Henry Ossawa Tanner
A View of Palestine, c. 1898/1899
Oil on canvas
Gift of Mrs. Walter Driscoll (Margaret L. Weyerhaeuser, class of 1923), Mrs. F. Rodman Titcomb (Elizabeth L. Weyerhaeuser, class of 1915) and Mrs. Robert J. Sivertsen (Sarah Weyerhaeuser, class of 1930)
Dimensions: Framed: 46 1/2 x 31 1/4 in. (118.11 x 79.38 cm)
Unframed: 22 1/2 x 37 in. (57.15 x 93.98 cm)
Published References v
Mundy, James, The Frances Lehman Loeb Art Center: Vassar College The History and Collection (New York: Prestel Publishing, 2007), p. 97 repr.;
Anna O.Marley, Henry Ossawa Tanner Modern Spirit Exhibition Catalog, Pennsylvania Adacemy of the Fine Arts, repr. p. 209, fig. 43.
Wienand, "Es War Einmal in Amerika: 300 Jahre US-Amerikanische Kunst", Wallraf-Richartz-Museum & Foundation (Köln (Cologne) 23 November 2018) repr. p. 375, fig. 50.
Exhibition History v
Philadelphia, Pennsylvania, Pennsylvania Academy of Fine Arts, "Henry Ossawa Tanner, Modern Spirit," January 27 - April 15 2012;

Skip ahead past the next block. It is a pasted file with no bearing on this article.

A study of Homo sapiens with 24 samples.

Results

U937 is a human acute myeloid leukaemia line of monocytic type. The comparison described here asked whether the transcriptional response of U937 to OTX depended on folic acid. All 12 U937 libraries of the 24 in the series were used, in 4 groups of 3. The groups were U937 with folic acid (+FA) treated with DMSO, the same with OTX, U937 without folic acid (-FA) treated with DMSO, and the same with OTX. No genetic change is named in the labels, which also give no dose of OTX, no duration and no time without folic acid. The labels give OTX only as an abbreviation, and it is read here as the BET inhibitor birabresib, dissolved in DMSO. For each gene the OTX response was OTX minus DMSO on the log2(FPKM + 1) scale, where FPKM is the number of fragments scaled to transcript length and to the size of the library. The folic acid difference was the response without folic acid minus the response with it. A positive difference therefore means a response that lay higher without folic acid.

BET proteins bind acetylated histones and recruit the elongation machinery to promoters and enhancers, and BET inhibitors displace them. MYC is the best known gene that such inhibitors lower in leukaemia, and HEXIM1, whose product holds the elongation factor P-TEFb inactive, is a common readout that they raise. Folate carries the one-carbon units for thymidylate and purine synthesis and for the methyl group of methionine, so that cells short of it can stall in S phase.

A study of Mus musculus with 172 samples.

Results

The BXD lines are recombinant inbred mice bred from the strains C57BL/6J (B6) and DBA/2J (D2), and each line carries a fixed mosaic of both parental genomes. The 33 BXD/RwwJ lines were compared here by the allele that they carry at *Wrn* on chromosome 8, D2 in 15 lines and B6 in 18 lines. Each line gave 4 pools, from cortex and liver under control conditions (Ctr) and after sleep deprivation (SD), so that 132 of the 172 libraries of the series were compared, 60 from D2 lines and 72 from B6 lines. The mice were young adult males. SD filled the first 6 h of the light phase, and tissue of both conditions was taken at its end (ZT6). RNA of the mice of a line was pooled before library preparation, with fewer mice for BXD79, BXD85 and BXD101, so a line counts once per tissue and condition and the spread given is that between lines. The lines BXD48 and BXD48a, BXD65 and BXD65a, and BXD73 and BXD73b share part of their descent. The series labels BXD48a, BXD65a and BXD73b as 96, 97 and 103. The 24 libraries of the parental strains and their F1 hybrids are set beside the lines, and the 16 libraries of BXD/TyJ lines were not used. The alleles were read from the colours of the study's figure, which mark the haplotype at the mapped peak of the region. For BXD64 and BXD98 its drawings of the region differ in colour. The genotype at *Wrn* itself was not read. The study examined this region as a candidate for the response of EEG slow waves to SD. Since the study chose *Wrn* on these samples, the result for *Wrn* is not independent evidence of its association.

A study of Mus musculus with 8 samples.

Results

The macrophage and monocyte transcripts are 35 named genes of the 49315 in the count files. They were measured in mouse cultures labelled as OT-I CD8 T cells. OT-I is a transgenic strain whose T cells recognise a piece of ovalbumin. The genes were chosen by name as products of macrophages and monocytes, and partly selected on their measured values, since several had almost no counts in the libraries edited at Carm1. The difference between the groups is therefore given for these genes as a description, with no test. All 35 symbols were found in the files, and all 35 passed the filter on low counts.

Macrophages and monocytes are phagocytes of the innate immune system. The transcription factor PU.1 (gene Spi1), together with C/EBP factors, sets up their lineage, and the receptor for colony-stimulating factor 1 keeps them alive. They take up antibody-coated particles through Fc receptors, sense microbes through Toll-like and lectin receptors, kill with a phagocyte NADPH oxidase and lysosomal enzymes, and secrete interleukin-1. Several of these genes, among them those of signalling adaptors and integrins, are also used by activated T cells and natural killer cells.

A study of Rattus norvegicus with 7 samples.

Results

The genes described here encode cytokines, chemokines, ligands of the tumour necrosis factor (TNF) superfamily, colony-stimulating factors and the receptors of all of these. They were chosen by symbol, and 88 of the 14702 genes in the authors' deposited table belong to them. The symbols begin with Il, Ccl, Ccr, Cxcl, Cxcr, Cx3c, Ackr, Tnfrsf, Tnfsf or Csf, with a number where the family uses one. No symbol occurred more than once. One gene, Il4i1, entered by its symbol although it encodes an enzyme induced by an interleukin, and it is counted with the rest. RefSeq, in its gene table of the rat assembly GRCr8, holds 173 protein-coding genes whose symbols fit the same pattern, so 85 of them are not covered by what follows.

Cincinnati, Ohio, Cincinnati Art Museum, "Henry Ossawa Tanner, Modern Spirit," May 26 - September 9, 2012;
Houston, Texas, The Museum of Fine Arts, "Henry Ossawa Tanner, Modern Spirit," October 14, 2012 - January 6, 2013.
Henry Tanner was born in Pittsburgh of mixed European, African, and Native American ancestry. He studied at the Pennsylvania Academy of Art with the renowned Realist Thomas Eakins. Finding no success in his attempts to practice art in his own country, he became an expatriate and was well received in Paris, where he made his home beginning in the early 1890s. He became known for his depictions of religious subjects and spent the remainder of his life as an expatriate, painting in a loose and evocative style largely influenced by contemporary French art. In 1898, he made a trip to the Holy Land in conjunction with a visit there by the German Emperor William II and Empress Augusta Victoria. While there he visited Palestine and painted the Vassar canvas. His impressions were summarized in a remin- iscence that Palestine was a place of “great barren hills that can blossom like a rose ... a natural setting of great tragedy.” Vassar’s painting, stemming from this period rich in personal exploration, is illustrative of his richest period, when he interpreted the world he saw in an immediate manner and style still fresh with first impressions.